Many families and businesses are feeling the financial strains of the COVID-19 outbreak. In the past several days, the stock market has seen its worst day since 1987, Colorado has experienced an unprecedented surge in unemployment applications and businesses small and large have been forced to make cuts. Chris Hughen is an associate professor in the Reiman School of Finance at the Daniels College of Business, and he shared his expertise in an email conversation with the DU Newsroom.

Associate Professor of Finance Chris Hughen

Associate Professor of Finance Chris Hughen

What kind of emergency plans should families put in place when it comes to finances?

Families should use this as an opportunity to develop a long-term financial plan. The most important element of this plan is to eventually save at least six months of living expenses in cash. Put this money in a separate bank account and make a solemn promise not to touch it in good times.

In the coming months, how should cash-strapped individuals and families, who may not have enough money to honor all their financial obligations, prioritize paying their bills?

People need to prioritize their bills to ensure that they can provide for the essential needs of their families — food, medical care, and childcare. They also need to prioritize expenses that are necessary to keep or get employment. In this environment, lenders will hopefully be more understanding of a late payment on a mortgage or car loan. It is important to communicate with your lender when making a late payment; let them know of your plan to resume payments when possible.

 What should individuals do with their investments during this pandemic? 

The stock market is a great investment over the long term. Since 1900, stocks have returned 9.6% per year. Investors in a diversified portfolio of stocks have rarely lost money when they have held their investment for at least 20 years. The lesson is to ignore the short-term volatility and stay invested for decades, not days.

What’s your advice when it comes to 401(k) plans? 

Focus on a long-term financial plan that includes making a monthly contribution to your investment portfolio. It is important to develop savings as a regular habit and increase your contributions over time. Pay yourself first by increasing your monthly investment contribution with each raise. Developing a long-term financial plan is the easy part. Sticking to the plan in both good and bad times is the big challenge.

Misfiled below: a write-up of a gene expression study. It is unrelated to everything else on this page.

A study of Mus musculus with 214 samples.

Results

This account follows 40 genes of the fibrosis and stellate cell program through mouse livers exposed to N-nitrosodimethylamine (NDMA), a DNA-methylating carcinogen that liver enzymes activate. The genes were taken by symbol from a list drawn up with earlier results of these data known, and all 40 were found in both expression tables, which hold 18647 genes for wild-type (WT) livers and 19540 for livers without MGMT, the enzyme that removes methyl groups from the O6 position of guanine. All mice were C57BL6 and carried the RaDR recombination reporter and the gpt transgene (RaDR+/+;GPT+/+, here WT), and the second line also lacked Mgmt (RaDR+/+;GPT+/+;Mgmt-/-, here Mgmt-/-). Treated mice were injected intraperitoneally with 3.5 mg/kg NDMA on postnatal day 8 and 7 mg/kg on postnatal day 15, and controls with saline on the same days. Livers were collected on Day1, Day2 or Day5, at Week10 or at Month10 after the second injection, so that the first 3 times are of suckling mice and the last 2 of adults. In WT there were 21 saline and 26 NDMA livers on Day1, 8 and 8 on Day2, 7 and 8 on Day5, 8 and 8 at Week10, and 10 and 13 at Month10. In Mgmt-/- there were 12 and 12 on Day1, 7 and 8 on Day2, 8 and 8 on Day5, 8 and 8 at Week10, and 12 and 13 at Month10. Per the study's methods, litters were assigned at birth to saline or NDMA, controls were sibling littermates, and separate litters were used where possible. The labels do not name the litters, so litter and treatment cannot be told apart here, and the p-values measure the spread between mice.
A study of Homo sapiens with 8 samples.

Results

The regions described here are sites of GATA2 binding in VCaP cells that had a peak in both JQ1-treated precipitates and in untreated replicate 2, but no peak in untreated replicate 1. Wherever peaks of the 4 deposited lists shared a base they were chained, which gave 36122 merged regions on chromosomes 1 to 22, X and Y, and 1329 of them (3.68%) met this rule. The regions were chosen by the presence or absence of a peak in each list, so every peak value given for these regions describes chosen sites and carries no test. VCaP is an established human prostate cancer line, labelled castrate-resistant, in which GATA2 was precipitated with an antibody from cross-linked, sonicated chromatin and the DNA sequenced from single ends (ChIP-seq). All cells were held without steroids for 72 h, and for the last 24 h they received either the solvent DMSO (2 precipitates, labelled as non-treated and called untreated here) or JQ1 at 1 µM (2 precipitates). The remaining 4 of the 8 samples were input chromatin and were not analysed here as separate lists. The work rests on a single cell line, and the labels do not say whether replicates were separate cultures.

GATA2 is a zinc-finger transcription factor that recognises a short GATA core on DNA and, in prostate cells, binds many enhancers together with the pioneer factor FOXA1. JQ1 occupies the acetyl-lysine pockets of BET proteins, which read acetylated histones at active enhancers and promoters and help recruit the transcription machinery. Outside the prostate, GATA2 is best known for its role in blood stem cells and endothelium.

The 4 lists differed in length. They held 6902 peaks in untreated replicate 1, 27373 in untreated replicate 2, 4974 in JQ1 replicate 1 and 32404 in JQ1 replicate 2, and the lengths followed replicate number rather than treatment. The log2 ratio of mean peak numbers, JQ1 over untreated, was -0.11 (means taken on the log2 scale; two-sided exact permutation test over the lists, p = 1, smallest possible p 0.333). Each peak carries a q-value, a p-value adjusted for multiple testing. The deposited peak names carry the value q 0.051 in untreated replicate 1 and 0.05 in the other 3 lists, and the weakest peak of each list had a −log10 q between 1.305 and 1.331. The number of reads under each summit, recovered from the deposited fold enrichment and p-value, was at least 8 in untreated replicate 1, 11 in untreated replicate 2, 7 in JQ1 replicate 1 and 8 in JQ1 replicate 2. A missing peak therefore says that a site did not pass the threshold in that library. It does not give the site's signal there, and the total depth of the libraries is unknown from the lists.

The Federal Reserve cut interest rates to nearly 0%. What does this mean for the average individual?

The Federal Reserve set the target rate for short-term loans between banks at almost 0%. However, actual interest rates for consumers vary depending on the riskiness and length of the loan. Many homeowners will be able to refinance and save on their mortgage payments. However, mortgage rates may not drop as much as government bond rates. 

What does the public need to know about the IRS deferring tax filing and payments?

Individuals may delay tax payments that were due on April 15 to July 15. At a time when many businesses have had to close their doors, a critical issue for our economy is liquidity (the availability of cash to pay day-to-day expenses). This extension in the deadline provides needed flexibility for many individuals while costing the government almost nothing at a time when interest rates are low. This is a valuable policy change that will [prevent] bankruptcies and foreclosures and allow our economy to rebound quickly after the crisis has passed.

There’s talk that the government will send checks to the American people to help with the financial burdens resulting from COVID-19. Does this make a difference?

Unfortunately, many of the government tools for combating an economic crisis have an extended delay in their impact. Direct cash payments are an immediate stimulus to our economy. Unlike tax cuts, direct payments assist people who have lost their jobs. Mailing out checks is one of the best ways to avoid an extended economic downturn.